Parliamentary Question Time has been dominated by economic and government affairs over the current term, while many social issues have been swept under the carpet.

Question Time is designed for the Australian parliament to scrutinise the role of the executive, and the House:Divided data-driven investigation trawled the archives to see what topics dominated political debate.

Questions Without Notice

Bond University students reporting for UniPollWatch analysed 3402 Questions Without Notice—all questions asked between the beginning of the current political term (November 12, 2013) and January 1, 2016.

Collectively dominating almost 40% of Question Time, the highest categories of debate were the budget, economy, government roles and businesses, foreign affairs, trade and carbon pricing.

In contrast, social issues were not a focus. For example, same-sex marriage was discussed in Question Time only 12 times (0.4% of questions).

Social issues and services—including same-sex marriage, unemployment, farm finance, and family planning— totalled 1.3 % of the questions.

An even smaller 0.2% of Question Time was dedicated to discussion of Indigenous affairs, which was raised only seven times—a figure that prompts questions about Indigenous representation in parliament. 

The majority of indigenous affairs issues were posed by Ken Wyatt, the country's first indigenous member of the House of Representatives, and opposition leader Bill Shorten.

Other issues discussed in Question Time include: defence and border security (6.8%), education (5.7%), health (4.6%), immigration (4.1%) and industry-specific concerns (4.6%) and aged care, pensions and superannuation (2.4%).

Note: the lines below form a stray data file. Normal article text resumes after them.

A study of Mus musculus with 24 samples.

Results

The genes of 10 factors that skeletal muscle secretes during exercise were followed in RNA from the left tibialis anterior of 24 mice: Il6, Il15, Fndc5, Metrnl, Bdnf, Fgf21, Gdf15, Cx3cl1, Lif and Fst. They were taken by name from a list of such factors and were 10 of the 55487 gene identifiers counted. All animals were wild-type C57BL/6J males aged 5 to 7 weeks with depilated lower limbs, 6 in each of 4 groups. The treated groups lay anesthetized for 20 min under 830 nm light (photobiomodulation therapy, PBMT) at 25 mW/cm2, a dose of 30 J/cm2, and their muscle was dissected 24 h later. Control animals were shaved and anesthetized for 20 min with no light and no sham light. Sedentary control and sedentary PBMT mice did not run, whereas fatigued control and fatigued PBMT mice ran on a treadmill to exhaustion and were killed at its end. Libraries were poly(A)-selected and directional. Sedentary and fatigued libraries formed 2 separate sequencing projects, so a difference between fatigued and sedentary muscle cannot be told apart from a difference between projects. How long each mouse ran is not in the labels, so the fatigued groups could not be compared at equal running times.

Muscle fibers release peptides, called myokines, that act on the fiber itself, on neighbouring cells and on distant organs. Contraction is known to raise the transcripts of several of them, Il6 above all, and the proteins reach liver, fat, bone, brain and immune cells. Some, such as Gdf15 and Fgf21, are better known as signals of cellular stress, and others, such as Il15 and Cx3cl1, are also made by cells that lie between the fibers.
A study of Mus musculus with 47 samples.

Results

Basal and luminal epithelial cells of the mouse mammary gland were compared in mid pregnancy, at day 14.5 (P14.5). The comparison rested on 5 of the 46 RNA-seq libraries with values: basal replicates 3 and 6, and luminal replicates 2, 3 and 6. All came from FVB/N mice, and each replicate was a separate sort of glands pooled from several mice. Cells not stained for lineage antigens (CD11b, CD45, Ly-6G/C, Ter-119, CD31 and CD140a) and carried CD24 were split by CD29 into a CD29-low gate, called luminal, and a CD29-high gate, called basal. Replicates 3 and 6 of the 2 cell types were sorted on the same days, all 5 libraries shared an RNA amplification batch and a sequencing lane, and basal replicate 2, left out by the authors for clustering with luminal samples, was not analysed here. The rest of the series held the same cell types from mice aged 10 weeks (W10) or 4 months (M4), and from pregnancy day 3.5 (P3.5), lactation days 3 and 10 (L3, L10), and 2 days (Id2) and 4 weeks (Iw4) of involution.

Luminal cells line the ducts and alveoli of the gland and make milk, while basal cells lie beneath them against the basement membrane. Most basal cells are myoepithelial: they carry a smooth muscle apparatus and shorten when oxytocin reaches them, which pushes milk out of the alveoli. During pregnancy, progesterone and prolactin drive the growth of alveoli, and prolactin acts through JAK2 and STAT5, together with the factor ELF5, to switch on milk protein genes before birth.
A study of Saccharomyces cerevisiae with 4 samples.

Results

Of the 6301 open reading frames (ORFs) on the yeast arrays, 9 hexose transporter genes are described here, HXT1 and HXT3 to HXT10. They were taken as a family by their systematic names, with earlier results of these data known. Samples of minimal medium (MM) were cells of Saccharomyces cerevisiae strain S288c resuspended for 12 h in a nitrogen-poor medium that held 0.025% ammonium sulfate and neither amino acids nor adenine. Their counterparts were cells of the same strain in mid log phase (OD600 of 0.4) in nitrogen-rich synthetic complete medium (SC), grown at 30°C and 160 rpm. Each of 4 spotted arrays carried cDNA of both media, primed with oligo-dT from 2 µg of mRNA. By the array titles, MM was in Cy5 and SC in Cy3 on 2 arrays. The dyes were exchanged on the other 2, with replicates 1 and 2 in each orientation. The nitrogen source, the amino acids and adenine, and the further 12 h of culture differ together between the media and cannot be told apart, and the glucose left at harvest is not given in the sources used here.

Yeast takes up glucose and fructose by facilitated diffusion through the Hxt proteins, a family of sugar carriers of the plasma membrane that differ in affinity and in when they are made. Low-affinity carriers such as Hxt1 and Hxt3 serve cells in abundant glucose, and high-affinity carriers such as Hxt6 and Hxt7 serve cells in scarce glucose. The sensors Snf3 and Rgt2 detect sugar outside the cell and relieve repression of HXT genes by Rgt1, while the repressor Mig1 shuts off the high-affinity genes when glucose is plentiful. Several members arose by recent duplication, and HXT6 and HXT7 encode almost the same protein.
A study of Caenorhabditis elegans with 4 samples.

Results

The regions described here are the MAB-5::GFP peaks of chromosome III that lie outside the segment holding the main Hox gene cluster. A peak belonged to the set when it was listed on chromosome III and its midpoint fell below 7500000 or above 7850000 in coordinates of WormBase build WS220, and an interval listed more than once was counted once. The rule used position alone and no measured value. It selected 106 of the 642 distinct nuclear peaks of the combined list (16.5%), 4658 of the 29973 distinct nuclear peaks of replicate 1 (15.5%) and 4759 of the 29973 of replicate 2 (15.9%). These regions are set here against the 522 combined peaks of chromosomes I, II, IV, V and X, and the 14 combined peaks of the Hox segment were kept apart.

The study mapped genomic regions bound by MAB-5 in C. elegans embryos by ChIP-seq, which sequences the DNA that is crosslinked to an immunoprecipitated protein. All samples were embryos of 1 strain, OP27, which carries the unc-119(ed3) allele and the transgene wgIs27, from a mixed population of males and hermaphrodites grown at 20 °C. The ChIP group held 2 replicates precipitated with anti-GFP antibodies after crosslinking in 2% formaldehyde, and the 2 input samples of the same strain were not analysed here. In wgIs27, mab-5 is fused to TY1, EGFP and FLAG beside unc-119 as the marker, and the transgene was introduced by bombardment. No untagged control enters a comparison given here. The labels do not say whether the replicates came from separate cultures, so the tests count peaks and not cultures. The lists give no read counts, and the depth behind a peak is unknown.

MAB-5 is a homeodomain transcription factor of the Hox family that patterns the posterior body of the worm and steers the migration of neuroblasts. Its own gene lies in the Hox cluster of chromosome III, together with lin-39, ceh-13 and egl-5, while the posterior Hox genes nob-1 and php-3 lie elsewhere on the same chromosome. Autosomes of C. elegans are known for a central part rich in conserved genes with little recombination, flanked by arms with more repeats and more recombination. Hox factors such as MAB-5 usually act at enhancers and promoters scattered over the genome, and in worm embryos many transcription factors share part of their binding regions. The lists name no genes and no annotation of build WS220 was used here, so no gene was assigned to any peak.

Infographic – interactive pie chart Question Time by issue.

Data from questiontime.silk.co
 

 

Questions in Writing

Agriculture was the most scrutinised portfolio during the last political term, with 58 written questions, many alleging inappropriate spending, submitted in the House of Representatives.

Of the 1479 questions in writing submitted between parliament’s first session in November 2013 and the beginning of 2016, the Departments of Agriculture, Agricultural, and Agriculture and Water Resources were quizzed over matters including consultants, funding and lost and stolen items.

The questions found that from September 2013 to August 2014 the Department of Agriculture spent more than $5 million on overseas travels, almost $2 million in legal services and nearly $18 million in credit card expenditure from 2014 to 2015.

Outspoken Labour MP Pat Conroy led the inquiries into agriculture departmental spending, asking 59% of the questions.

According to the Parliament of Australia procedure, Questions in Writing give members an opportunity to receive a detailed answer about government activities and administration; in contrast, reponses to Questions Without Notice in Question Time are unprepared. 

Other departments that came under fire through Questions in Writing were the Department of Communication (48 written questions), the Department of Veteran Affairs (41 questions) and the Department of Immigration with (39 questions).

Again, the questions focused on spending, resources and staff travel costs within each portfolio; written questions rarely extended to areas of policy.

The Drought Concessional Loans Scheme was the focus of only three question, which included the details of the scheme eligibility and then later how many applications had been approved.